When you continually avoid the pain, every time you feel the agony, it's as raw as the first time.
Whenever I have an open day off work, I like to go to a Korean sauna across town. The wet area of the facility has a variety of pools ranging from hot to cold. Very cold. When I first lower my body into the frigid water, I gasp and then stop breathing as my body is shocked into silence. The cold slices through my skin and my panicking brain begs for me to leave.
Sometimes I listen to the alarm in my mind and I quickly exit the pool, where I immediately warm up again. Of course then, if I decide to reenter the pool, I have to start from scratch, beginning with the initial pain of the icy waters.
Other times, I am able to stay in the water. I focus on my breathing—slow deep inhale, pause, slow full exhale— until the screaming in my brain finally quiets. And as I hold my body still, a strange thing begins to happen. The shock and discomfort of the cold begins to recede and is instead replaced by a sense of calm surrender.
Emotional pain is no different.
If you strive to avoid the discomfort, you inadvertently expose yourself to the initial trauma time and time again. However, with prolonged exposure, you begin to acclimate to the grief. You begin to trust that even though it is terrible, it is not fatal. You learn how to focus on loosening the bindings around your heart so that you can allow your breath in, and in doing so, begin to calm the mind.
If you're struggling to stay with emotional pain, start by training yourself to tolerate physical discomfort. Try hot yoga, distance running, or even an ice cold bath. Let the body begin to teach the mind.
Recognize the power that you're giving the pain when you constantly strive to avoid it. We seek to turn away from pain because we fear it, yet maybe what we should really fear is the denial of a natural and, ultimately, illuminating emotion.
When you repeatedly tell your story, you move from character to narrator.
When trauma first happens, people are often compelled to tell their story, with all its gory details, to anyone who will listen (or at least pretend to listen). This early telling is emotional—a re-experiencing where the body punctuates each word with its visceral memories of the pain.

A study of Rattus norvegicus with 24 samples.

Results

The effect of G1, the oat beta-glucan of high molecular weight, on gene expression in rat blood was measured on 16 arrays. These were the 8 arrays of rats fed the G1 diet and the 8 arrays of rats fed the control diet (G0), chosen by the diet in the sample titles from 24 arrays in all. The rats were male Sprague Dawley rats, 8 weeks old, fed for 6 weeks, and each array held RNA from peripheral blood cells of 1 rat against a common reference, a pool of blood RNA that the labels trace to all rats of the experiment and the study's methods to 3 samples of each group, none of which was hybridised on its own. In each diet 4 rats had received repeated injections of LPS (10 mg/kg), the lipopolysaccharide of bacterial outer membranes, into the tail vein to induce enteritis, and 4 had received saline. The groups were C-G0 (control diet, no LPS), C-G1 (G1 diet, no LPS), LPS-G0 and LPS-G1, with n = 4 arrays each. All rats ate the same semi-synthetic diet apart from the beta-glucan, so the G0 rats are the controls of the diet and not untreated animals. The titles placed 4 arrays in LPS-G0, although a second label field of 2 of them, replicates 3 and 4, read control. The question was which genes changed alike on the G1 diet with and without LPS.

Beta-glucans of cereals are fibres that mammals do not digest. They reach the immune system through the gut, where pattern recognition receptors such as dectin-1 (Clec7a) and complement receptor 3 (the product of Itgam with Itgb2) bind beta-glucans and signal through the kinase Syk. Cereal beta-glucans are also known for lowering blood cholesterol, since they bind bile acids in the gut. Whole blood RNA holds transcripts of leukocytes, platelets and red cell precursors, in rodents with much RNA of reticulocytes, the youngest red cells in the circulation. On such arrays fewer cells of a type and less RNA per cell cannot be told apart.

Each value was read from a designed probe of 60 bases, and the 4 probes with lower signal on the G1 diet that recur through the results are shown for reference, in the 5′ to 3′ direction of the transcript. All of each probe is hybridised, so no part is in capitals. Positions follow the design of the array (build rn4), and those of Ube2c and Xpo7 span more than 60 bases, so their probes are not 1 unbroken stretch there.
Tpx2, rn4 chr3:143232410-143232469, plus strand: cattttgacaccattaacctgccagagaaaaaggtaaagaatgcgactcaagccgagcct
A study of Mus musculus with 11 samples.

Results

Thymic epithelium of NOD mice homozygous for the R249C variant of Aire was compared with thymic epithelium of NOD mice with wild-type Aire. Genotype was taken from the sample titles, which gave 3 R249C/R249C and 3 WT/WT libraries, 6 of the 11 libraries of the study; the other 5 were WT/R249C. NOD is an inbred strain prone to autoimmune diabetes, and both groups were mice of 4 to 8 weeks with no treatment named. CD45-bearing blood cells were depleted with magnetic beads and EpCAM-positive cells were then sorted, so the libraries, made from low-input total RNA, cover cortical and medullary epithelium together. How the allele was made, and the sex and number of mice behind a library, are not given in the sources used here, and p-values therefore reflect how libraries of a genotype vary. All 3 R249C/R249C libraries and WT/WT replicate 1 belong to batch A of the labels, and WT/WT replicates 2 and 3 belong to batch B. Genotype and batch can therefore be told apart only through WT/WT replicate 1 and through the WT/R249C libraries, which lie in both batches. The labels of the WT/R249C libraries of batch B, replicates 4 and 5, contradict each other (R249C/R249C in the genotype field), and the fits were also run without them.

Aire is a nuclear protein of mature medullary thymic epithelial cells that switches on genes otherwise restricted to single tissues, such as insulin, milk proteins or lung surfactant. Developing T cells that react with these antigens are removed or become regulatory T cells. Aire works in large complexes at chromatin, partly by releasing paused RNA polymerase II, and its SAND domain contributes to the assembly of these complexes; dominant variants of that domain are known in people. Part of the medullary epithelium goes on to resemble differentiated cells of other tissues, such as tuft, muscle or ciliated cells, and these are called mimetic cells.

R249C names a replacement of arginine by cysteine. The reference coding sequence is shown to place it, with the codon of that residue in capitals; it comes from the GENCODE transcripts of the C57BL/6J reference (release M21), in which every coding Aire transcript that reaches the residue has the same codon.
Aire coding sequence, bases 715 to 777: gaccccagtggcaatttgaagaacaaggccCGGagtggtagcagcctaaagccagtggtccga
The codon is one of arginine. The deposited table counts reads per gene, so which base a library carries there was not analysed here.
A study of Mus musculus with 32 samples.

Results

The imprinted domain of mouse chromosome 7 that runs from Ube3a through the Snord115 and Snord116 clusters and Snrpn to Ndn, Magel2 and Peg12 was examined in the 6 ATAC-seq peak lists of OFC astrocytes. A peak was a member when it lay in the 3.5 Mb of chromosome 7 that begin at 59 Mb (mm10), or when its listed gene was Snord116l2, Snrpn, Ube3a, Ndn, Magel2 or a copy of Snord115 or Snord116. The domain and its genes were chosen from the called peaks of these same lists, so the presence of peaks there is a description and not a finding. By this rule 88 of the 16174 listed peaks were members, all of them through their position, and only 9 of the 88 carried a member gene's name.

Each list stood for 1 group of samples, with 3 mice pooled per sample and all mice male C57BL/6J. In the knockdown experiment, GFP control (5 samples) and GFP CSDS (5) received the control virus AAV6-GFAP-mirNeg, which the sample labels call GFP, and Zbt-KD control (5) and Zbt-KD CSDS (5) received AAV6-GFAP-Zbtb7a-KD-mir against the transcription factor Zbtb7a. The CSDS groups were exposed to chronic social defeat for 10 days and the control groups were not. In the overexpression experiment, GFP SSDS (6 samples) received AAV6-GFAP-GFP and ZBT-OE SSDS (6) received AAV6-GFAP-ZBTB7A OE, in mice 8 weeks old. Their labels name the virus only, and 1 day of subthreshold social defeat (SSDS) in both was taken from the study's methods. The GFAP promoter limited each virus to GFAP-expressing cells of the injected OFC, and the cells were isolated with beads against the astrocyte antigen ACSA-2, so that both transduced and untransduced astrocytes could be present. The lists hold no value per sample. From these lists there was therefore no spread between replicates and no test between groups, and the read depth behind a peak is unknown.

In time, this drive to recite the story fades. And often, at this point, people pack up their memories and lock them away in some dark recess of the mind. Yet in doing so, they're missing a powerful healing opportunity.
Research has revealed that the power of EMDR (Eye Movement Desensitization and Reprocessing), a type of therapy that uses eye movements to help neutralize trauma, is not in the specialized actions, but in the continual recounting of the difficult experience in a safe and supportive environment. With repeated exposure, the person gains a little more distance from the pain and even begins to feel some power over it as they work to shape the narrative structure around their memories.
Another way to practice retelling your story until you gain some space is through the use of journaling. Write your experience. Take a slightly different viewpoint, and write it again. Try expressing it in the third person. As you expose yourself to the pain repeatedly, it loses its power over you.
Healing from intense pain is like suturing a deep wound.
I remember being so raw—emotionally gutted and bleeding tears. Yet life continued, and I was needed. So I managed to tuck the pain inside for most of the days so that I could function in the world. And to many, I probably appeared fine. But the wound was only closed on the surface. The real healing was happening beneath.
The care for an emotional wound is not unlike a physical one. Let it breathe. You may need to keep it covered while you're at work or when you have to put on a brave face for the kids. But when it's safe, take off the bandage and let the fresh air in.
Keep the wound clean to avoid festering. Sometimes you have to remove debris that is impeding healing. And it will sting. But that pain is necessary to keep you healthy.
Don't poke at it. Differentiate between pain that is helpful (exploring your response to a trigger) and unneeded agony (checking your ex's Facebook every day).
And, like a physical wound, once the injury has already occurred, the offending object that caused the damage is no longer of consequence. Only the healing matters. Don’t wait until you are healed to begin living. There are smiles to be found amongst the tears.
Part of dealing with the pain is being with the pain. But that's not the whole story. Because even though you hurt right now, you are not only the hurt. Pain does not restrict you to a waiting room while life passes you by. It's okay to keep living, even while you still ache. After all, smiles and tears can often be found together.
Written by Lisa Arends
Lisa Arends is a divorcee working to inspire others to move forward, recenter, and repurpose their lives. She has written the "How-To-Thrive Guide." Learn more about "thriving" and be inspired by visiting LessonsFromTheEndOfAMarriage.com.